Chandogya Upanishad (english Translation)

by Swami Lokeswarananda | 165,421 words | ISBN-10: 8185843910 | ISBN-13: 9788185843919

This is the English translation of the Chandogya-upanishad, including a commentary based on Swami Lokeswarananda’s weekly discourses; incorporating extracts from Shankara’s bhasya. The Chandogya Upanishad is a major Hindu philosophical text incorporated in the Sama Veda, and dealing with meditation and Brahman. This edition includes the Sanskrit t...

Verse 7.18.1

यदा वै मनुतेऽथ विजानाति नामत्वा विजानाति मत्वैव विजानाति मतिस्त्वेव विजिज्ञासितव्येति मतिं भगवो विजिज्ञास इति ॥ ७.१८.१ ॥
॥ इति अष्टादशः खण्डः ॥

yadā vai manute'tha vijānāti nāmatvā vijānāti matvaiva vijānāti matistveva vijijñāsitavyeti matiṃ bhagavo vijijñāsa iti || 7.18.1 ||
|| iti aṣṭādaśaḥ khaṇḍaḥ ||

1. Sanatkumāra said: ‘When a person learns to think well, then he can know deeply. Without thinking well, one cannot know deeply. One knows for certain when one thinks deeply. But one must want to know how to think well.’ Nārada replied, ‘Sir, I want to know how to think well’.

Word-for-word explanation:

Yadā vai manute, when one learns to think well; atha vijānāti, then one can know deeply; amatvā, without applying the mind; na vijānāti, one cannot know deeply; matvā eva vijānāti, a person knows deeply when he thinks deeply; matiḥ tu eva vijijñāsitavya iti, but one must want to know how to think well; bhagavaḥ, sir; matim vijijñāse iti, I want to know what this thinking is. Iti aṣṭādaśaḥ khaṇḍaḥ, here ends the eighteenth section.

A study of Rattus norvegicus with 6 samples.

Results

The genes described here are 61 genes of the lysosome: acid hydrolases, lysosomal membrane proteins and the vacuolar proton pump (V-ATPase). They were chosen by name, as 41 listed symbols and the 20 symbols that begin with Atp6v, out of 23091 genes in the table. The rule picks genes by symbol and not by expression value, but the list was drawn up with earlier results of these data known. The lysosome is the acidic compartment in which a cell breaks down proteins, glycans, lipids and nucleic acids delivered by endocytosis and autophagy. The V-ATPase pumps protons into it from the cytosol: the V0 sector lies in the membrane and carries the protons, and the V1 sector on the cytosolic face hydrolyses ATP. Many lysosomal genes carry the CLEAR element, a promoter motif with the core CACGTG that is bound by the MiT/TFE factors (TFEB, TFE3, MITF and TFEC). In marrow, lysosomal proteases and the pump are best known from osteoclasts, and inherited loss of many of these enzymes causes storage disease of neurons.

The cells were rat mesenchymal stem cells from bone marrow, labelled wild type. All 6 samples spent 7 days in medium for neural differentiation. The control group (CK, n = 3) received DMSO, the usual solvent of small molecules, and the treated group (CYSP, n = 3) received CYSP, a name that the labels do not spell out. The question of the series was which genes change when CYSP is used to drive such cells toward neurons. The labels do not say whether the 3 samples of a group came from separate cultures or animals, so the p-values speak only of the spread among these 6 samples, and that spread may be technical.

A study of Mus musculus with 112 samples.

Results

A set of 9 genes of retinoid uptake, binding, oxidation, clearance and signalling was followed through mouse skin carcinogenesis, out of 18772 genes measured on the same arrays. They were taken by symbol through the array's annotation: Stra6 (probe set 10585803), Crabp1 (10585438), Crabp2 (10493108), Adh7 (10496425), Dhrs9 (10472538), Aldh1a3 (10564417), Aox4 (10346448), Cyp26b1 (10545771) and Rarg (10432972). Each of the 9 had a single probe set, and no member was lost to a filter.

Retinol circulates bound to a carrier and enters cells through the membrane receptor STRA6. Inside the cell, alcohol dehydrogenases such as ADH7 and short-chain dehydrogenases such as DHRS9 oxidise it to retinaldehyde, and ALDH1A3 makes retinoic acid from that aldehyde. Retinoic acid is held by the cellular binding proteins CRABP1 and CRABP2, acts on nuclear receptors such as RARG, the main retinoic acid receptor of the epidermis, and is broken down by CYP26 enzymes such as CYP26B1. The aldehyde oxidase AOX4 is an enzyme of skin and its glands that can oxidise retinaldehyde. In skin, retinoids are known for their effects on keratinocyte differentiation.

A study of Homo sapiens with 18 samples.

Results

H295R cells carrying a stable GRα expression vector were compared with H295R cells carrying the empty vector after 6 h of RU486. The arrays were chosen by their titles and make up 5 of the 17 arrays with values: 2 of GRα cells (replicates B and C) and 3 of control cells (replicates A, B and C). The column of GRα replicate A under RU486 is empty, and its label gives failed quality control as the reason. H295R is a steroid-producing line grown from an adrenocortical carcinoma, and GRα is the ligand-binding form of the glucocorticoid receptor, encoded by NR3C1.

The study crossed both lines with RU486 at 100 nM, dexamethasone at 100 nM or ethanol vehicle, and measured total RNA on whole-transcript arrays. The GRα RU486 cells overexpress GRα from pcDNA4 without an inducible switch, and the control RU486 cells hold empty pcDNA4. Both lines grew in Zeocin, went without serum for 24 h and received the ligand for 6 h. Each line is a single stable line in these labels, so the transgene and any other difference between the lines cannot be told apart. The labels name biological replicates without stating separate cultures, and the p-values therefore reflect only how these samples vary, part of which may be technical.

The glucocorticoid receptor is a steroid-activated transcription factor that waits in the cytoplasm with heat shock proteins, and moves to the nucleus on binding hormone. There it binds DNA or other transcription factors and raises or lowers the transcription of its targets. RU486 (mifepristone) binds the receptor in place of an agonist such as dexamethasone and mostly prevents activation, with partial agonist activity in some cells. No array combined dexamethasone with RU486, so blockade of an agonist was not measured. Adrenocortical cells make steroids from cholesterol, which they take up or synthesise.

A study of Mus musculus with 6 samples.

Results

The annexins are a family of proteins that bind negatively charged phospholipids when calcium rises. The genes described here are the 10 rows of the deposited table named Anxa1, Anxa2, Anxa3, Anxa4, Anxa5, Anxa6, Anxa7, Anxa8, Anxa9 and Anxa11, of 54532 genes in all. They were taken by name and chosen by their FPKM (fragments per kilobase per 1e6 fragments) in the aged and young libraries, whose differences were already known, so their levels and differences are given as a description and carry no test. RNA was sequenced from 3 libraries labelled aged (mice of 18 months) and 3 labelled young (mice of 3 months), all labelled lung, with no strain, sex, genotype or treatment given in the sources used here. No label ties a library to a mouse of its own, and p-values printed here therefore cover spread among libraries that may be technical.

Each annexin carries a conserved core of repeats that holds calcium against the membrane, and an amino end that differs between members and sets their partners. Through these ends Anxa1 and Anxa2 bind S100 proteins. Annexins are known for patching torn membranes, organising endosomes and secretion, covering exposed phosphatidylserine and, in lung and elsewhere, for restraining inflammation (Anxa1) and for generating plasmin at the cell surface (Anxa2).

Commentary:

How do we know something? We know it by applying our mind—that is, by concentrating our mind on it.

Swami Turiyananda used to say that if you continue reading the Gītā with a concentrated mind, then whenever you read it new meanings will unfold, meanings which you never suspected.

Sanatkumāra says that without applying your mind seriously, you will not understand what you are studying. At Belur Math, Swamiji used to have the monks debate on different issues. One person would say something, and another would contradict him. When two people debate about something, they both get excited and the heat rises. As one of the monks used to say, ‘When there is some heat there will also be some light.’ Debating is like churning milk. As you chum the milk the cream gradually begins to appear. So also, when there is a debate, truth gradually comes to the surface.

Suppose you have a thorn stuck in your foot. What do you do? As Sri Ramakrishna used to say, you take another thorn and use it to remove the first thorn. Then you throw away both. Similarly, you have to use your mind to go beyond the mind. Vedānta says that Truth is within you. But you must first hear about it from a teacher. Then you must reflect on it. Think over it again and again: ‘What does this mean? How can I be one with Brahman?’ You go on questioning, searching for the real meaning of the, words. After that you must deeply meditate on it. Then only the real meaning dawns on you. It comes as if in a flash.

What else is this mind for? If we don’t think, we are as good as dead. Human beings are superior

Śaṅkara gives a wonderful definition of reflection. He says it means having great love for the subject being considered.